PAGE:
Maybe diamonds will soon be the tears of diamond sellers.
There's a new diamond cut on the market and it's not square, round or oval. According to a single-source study of 459 students at Rochester Institute of Technology, 45 percent of the women participants would consider alternatives to diamond engagement rings such as exotic vacations or purchasing furniture or a new home.
“We asked if they would consider alternatives like rings with manufactured or semi-precious stones, other gifts like bracelets or pendants, or other ways to celebrate an engagement without a ring gift,” says Eugene Fram, the J. Warren McClure Professor of Marketing in the College of Business at RIT.
Fram and Robert Baron, president of Superior Systems in Rochester, published their study, “Are natural diamond engagement rings forever?” in the International Journal of Retail & Distribution Management. They believe some of the findings indicate an infant trend might be developing—signaling a reduced demand for natural diamond rings to celebrate an engagement.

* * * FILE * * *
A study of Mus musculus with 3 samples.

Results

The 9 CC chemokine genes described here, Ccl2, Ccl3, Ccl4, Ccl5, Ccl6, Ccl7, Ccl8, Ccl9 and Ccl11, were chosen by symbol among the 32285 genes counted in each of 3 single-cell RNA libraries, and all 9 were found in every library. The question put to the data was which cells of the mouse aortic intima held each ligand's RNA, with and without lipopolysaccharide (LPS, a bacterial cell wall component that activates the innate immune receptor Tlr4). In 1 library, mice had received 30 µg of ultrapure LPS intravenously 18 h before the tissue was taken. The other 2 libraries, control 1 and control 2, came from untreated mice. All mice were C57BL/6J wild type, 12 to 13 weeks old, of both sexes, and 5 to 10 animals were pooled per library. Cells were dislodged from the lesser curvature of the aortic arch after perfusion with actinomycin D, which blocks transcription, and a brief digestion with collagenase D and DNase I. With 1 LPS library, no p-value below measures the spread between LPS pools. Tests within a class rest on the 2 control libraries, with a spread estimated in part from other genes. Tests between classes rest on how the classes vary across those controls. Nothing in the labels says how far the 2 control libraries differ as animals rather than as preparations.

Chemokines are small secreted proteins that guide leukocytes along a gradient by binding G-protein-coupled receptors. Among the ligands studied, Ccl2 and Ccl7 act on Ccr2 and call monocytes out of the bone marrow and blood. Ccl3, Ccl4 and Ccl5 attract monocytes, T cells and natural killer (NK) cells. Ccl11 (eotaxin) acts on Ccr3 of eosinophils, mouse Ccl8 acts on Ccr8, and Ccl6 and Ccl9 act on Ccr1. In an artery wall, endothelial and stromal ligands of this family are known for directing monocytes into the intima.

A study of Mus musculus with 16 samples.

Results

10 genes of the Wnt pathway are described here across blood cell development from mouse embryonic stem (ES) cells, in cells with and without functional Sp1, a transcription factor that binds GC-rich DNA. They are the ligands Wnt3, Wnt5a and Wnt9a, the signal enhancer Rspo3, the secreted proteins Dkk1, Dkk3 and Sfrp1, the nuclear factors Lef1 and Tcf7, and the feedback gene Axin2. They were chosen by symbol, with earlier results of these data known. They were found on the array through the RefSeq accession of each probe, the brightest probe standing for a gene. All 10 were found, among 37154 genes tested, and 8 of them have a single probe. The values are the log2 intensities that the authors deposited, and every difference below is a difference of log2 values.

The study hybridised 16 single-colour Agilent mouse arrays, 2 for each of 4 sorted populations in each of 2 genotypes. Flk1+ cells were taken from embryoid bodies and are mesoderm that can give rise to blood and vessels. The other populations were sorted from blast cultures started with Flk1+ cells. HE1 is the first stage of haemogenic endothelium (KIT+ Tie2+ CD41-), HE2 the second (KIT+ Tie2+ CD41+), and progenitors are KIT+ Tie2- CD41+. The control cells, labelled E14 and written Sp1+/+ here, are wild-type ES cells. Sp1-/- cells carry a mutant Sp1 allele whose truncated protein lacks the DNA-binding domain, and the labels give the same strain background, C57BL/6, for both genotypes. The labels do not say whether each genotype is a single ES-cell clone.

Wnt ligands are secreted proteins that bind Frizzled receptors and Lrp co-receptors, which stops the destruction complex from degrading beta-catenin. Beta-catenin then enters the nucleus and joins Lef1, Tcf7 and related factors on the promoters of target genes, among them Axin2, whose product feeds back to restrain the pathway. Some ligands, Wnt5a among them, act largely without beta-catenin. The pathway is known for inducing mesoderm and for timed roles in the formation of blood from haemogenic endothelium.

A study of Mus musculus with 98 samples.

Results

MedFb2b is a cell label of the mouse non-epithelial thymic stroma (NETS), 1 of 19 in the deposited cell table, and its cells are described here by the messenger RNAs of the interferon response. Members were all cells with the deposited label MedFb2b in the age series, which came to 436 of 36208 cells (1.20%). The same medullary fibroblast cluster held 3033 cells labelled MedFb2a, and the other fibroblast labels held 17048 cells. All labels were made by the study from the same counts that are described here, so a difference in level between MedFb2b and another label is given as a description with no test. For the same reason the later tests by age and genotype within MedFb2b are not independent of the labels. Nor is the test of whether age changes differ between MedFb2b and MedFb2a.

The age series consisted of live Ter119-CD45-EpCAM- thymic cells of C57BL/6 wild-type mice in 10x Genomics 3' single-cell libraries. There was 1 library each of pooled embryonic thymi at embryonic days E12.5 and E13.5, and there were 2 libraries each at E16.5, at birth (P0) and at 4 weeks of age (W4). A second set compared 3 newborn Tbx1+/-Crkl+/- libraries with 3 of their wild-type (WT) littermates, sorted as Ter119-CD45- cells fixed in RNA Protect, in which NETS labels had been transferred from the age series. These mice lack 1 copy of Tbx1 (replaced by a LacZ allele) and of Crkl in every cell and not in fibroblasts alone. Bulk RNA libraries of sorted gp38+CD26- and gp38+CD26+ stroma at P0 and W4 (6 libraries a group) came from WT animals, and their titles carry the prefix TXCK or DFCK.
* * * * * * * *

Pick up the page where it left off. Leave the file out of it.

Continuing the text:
“And if other retailers and manufacturers, especially the travel and furniture industries, make concerted efforts to gain the attention of couples planning to marry, it could put a dent in the market share of those selling natural diamond rings,” Fram explains.
A social trend supporting this estimate is the growth in the number of American household pre-marital cohabitations, which increased from about tenfold from 1960 to 2000.
“Although the DeBeers' slogan 'diamonds are forever' still has a very strong market appeal—especially on Valentine's Day—there may well be forces in place that someday could modify the character of the diamond industry,” Fram says.To talk to Eugene Fram, contact Marcia Morphy at 585-475-4951 or email@example.com.